I recently had a chat with one of our US partners, who mentioned in passing that Ashampoo has now been around for 21 years and has certainly come of age. Since I generally tend to forget anniversaries, I wasn't aware of that. So I took a trip down my Ashampoo memory lane, which has been under construction for 13 years now, and reminisced about how it all started. Every now and then I get emails asking me to tell you more about Ashampoo and the people behind it–so here you go: Brace yourselves for pretty women, volcanoes and software in Low German.
When I was a child, we had magic hours throughout the day. The news were on at 8 pm on the dot, and a must-watch for everyone in the household. If you looked out the window then, you'd see an empty neighborhood of row houses and mostly abandoned yards and patios. In front of a turquoise green background, male and female newscasters read out one piece of news after the other, from a sheet of paper, stoic as stones and without batting an eyelid even in the face of the most devastating of disasters. We learned everything that happened in the world–and hadn't already been covered in the morning paper. Afterwards, it was entertainment shows with hosts dressed in ghastly sports coats or crime series featuring grumpy detectives in their mid-fifties who'd solve murder cases in gray cities. We had a whopping three channels and were anxious to arrange our daily routine around them. But is television finally dying, now that video and streaming portals are successfully stealing their viewers, both young and old?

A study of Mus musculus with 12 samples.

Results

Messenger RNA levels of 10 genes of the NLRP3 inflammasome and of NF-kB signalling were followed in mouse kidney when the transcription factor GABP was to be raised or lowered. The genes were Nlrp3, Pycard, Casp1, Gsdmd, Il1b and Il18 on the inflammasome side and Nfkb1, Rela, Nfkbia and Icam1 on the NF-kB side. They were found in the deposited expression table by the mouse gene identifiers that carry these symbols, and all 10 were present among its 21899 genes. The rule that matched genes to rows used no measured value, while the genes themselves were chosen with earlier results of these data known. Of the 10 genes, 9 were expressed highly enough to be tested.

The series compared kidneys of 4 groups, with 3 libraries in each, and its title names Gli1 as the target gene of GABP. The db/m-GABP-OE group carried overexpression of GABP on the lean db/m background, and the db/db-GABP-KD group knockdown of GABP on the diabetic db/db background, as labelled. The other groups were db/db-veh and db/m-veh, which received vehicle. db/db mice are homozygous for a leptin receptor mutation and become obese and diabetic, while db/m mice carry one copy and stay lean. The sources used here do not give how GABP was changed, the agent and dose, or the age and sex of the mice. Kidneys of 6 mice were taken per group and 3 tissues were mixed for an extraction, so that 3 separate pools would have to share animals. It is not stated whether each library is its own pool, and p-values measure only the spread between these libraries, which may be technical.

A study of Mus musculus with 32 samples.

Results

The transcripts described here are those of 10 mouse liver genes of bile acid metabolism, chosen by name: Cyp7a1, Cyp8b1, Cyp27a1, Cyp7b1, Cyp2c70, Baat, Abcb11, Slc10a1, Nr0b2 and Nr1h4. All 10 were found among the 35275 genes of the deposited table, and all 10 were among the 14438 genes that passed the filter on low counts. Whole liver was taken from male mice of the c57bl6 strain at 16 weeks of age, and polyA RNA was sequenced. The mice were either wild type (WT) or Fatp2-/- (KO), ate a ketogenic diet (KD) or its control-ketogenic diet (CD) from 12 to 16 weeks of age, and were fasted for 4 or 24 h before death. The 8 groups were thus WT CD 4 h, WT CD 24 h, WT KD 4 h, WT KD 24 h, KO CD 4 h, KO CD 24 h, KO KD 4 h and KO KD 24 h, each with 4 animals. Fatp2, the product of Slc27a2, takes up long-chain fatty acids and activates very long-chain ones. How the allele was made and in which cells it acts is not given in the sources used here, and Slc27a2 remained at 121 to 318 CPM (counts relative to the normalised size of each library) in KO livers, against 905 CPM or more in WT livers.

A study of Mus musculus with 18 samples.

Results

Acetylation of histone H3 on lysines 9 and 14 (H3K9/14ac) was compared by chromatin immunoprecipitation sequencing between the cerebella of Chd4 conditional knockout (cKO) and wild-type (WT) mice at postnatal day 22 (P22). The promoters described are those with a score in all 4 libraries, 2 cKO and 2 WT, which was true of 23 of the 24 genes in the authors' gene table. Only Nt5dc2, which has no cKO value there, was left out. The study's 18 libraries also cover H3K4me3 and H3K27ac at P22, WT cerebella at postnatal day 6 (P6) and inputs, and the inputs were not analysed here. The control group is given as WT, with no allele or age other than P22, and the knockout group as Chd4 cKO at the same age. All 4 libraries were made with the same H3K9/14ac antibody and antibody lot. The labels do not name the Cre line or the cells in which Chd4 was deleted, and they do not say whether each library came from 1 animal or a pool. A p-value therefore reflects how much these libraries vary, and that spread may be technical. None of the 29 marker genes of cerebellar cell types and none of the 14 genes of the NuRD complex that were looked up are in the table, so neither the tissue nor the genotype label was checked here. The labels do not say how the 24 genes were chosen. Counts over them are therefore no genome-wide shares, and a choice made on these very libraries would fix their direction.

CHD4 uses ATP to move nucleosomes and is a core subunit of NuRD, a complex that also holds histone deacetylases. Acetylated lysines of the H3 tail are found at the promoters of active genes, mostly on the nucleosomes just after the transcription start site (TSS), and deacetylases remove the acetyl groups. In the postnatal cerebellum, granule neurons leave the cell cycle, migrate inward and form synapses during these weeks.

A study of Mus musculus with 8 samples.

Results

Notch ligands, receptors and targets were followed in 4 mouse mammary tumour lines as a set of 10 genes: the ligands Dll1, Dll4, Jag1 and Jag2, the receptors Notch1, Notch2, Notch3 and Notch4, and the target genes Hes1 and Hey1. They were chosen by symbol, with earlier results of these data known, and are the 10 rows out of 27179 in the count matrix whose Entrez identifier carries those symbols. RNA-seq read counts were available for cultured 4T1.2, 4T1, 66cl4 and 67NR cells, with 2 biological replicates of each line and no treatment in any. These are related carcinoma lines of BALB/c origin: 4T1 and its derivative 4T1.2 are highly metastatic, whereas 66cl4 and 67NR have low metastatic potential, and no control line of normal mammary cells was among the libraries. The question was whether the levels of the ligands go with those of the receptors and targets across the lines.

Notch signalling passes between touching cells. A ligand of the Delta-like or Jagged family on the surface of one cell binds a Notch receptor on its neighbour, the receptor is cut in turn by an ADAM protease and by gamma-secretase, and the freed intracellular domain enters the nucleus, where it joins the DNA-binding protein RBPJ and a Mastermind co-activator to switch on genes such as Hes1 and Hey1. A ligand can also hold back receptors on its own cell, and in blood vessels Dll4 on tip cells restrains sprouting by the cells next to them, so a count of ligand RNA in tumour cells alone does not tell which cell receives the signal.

Being the calm and relaxed spirit that I am, I tend to miss the occasional piece of news. Naturally, I am acutely aware that we're currently under siege by a new virus. Still, I recently stared in disbelief at the empty shelves that used to carry loads of toilet paper and cooled my heels for a total of 40 minutes in the lengthy line at the checkout. The air was tense and conversations brief. I almost felt tempted to ask whether we were at war again. No doubt, the corona virus has found its way into our parts. As a company, we're supposed to keep our cool and that is reflected in our systematic and prudent preparations. Let's take a quick look at Ashampoo, our strategies in dealing with Corona and how we feel about it.
Our web developers at Ashampoo are quite pleasant fellows. Gentle folks with fawn eyes. But even their looks turn to stone once the I word is dropped, i.e. Internet Explorer. For years, IE set the standard, being both a bane and blessing. Whether unadventurous private user or member of an IT staff, Internet Explorer was the gateway to the world-wide web for many. And web developers in their quest to have their websites render correctly more often than not suffered the many awkward development decisions by Microsoft. During my time as a QA clerk, I had to report time and time again that sites that were working fine in Firefox or Safari didn't behave as expected in Internet Explorer. But that's all in the past, since Edge is now built on Chromium! Old name, new underpinnings! So what's new?
Have you heard of PSD2? No? No biggie, many companies seem to be feeling the same way! That's surprising since PSD2 stands for the European Commission's latest payment services directive and will govern all credit and debit card related payment transactions above €30. Third-party payment providers like PayPal are also affected. PSD2 will come into full effect on September 14, 2019 and will usher in a new era of credit card payments. After that, the information usually given on the back of the card (owner, credit card number and security code) will no longer suffice to authorize transactions, making successful credit card theft considerably harder. But, although only a few days away, both credit card companies and banks are currently struggling hard to implement the directive.